Ron Akana, longest-serving flight attendant
Yes, Mr. Akana has worked as a flight attendant for 63 years, clocking some 20 million miles along the way, the equivalent of circling the globe about 800 times or flying roughly 40 times to the moon and back. Though no one tracks seniority across all airlines, he is widely believed to hold the title of longest-serving flight attendant in the United States.
Mr. Akana, 83, has just about seen it all. In his early years, impeccably dressed passengers were served seafood salad and congregated at the cocktail bar on board.
Robert Byrd, longest-serving member of Congress in history
Mr. Byrd’s perspective on the world changed over the years. A former member of the Ku Klux Klan, he filibustered against the 1964 Civil Rights Act only to come to back civil rights measures and Mr. Obama. A supporter of the Vietnam War, he became a fierce critic, decades later, of the war in Iraq. In 1964, the Americans for Democratic Action, the liberal lobbying group, found that his views and the group’s aligned only 16 percent of the time. In 2005, he got an A.D.A. rating of 95.
Gwendoline Chamberlain, long-serving English waitress
A 92-year-old, thought to be the oldest waitress in Gloucestershire and possibly even in the whole country, has been given an award for her work in the community.
Gwendoline, of Cam, has been pouring tea for members of the Dursley Day Centre since it opened in the early 1960s.
Even at the age of 92 she still turns up every week to do her shift and her dedication hasn’t gone unnoticed.
But Gwendoline doesn’t see what all the fuss is about. “I don’t really know why I have won this award, I am just doing my job as I have always done,” she said on finding out she had won.
Eugenia Charles, longest-serving female prime minister
An isolated woman in politics, she faced up heroically to opponents who abused her because she was unmarried and childless. Despite this, she never really identified with feminist issues or gave Caribbean women, who carry many burdens, particular consideration.
Yet she was rarely stuffy, never encouraged the notion of a cult of personality and had little time for what she saw as Mrs Thatcher's affectations. During her years in office, she would see constituents and visitors in her modest office or on the sweeping verandah of her family home, Wall House. There she would sit in a battered wooden chair, her shoes kicked off, watching a miniature TV set and eating chunks of sugarcane. It was a tribute to Dame Eugenia—as she became in 1991—that outside just a single bored and sleepy policeman stood guard.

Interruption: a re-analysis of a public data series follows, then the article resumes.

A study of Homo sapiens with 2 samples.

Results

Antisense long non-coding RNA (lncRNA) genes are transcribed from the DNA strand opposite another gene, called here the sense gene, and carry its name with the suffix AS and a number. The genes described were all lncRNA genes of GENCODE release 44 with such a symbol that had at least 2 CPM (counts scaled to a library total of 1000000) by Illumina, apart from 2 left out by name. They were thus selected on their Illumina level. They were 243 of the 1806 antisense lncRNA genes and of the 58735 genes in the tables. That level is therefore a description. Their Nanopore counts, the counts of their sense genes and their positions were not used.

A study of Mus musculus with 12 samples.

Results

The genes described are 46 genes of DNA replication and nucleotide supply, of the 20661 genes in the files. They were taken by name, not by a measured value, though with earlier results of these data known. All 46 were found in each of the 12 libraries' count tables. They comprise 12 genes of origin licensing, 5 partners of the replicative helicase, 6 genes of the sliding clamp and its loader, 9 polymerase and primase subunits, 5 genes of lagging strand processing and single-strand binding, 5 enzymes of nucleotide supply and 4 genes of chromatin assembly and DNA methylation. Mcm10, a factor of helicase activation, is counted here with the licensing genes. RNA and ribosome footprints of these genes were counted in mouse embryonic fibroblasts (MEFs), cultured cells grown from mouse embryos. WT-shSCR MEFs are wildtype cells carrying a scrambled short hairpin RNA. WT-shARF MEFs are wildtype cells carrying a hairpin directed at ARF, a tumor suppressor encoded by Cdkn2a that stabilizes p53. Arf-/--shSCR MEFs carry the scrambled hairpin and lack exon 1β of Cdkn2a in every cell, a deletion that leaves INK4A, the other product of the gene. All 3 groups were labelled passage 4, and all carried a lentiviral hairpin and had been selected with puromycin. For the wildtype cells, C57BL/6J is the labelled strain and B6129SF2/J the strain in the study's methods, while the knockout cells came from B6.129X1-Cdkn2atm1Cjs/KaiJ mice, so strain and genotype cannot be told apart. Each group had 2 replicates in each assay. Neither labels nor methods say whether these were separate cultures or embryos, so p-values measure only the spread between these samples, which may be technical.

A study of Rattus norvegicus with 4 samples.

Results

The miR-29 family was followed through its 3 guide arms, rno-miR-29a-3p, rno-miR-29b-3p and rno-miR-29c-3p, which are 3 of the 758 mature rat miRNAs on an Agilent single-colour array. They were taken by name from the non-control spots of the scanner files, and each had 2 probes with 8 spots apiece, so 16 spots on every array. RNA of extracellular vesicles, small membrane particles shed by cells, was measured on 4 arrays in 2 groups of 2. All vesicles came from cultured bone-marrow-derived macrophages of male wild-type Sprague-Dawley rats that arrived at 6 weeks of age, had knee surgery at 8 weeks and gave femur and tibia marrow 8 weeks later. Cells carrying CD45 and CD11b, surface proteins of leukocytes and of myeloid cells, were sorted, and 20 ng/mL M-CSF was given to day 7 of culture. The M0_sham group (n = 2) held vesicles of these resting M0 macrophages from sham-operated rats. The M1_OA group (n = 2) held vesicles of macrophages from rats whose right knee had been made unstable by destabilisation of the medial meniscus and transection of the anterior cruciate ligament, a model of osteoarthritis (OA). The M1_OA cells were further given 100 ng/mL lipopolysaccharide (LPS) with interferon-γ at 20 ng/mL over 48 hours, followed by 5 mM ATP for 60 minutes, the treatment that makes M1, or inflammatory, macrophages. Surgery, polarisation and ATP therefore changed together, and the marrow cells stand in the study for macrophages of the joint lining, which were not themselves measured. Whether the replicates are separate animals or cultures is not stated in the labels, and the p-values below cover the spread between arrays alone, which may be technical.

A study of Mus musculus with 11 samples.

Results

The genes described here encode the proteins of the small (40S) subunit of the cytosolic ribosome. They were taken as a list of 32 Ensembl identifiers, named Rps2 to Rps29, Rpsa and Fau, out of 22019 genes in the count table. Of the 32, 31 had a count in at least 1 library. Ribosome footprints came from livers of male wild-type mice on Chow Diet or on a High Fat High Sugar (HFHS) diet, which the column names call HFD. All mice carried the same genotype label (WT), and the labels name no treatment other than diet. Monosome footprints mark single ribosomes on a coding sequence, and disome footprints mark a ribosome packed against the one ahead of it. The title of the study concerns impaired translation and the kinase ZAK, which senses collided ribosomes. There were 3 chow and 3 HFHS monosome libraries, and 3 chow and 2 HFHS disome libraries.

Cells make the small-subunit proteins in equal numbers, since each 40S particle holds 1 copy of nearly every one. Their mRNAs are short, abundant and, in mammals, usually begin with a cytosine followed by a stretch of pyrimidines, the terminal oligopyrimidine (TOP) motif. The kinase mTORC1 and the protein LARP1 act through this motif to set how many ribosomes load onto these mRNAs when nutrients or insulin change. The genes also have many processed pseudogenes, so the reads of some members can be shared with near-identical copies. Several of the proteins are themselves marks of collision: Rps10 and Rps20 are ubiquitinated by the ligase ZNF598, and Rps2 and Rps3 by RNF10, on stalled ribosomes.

John Dingell, longest currently serving member of Congress
The 83-year-old Dingell entered the U.S. House in December 1955 to replace his late father.
Nicknamed “Big John” for his imposing 6-foot-3-inch frame and sometimes intimidating manner, Dingell has been an institution in Congress for decades. He’s wielded power over issues ranging from air quality and consumer protection to health care, automakers and energy.
William O. Douglas, longest-serving Supreme Court justice
When he was a small child, William O. Douglas was stricken with infantile paralysis, better known as poliomyelitis or polio. It was not clear at first that he would live, and after he survived his doctor offered to his family the conventional medical wisdom of the time: He would live a shortened life of less than 40 years on polio-crippled legs.
Douglas later wrote: “Concentrated exercise, like sprinting or wrestling, made me feel faint; and sometimes I’d be sick at my stomach or get a severe headache. I was deeply sensitive about my condition and used many a stratagem to conceal my physical weakness.”
John Straffen, longest-serving British prisoner
An insider at Long Lartin [prison] said: “He’s still lively. He works as a cleaner in the craft shop and makes tea for the officers. They treat him well, call him by his first name and often take time to chat with him.”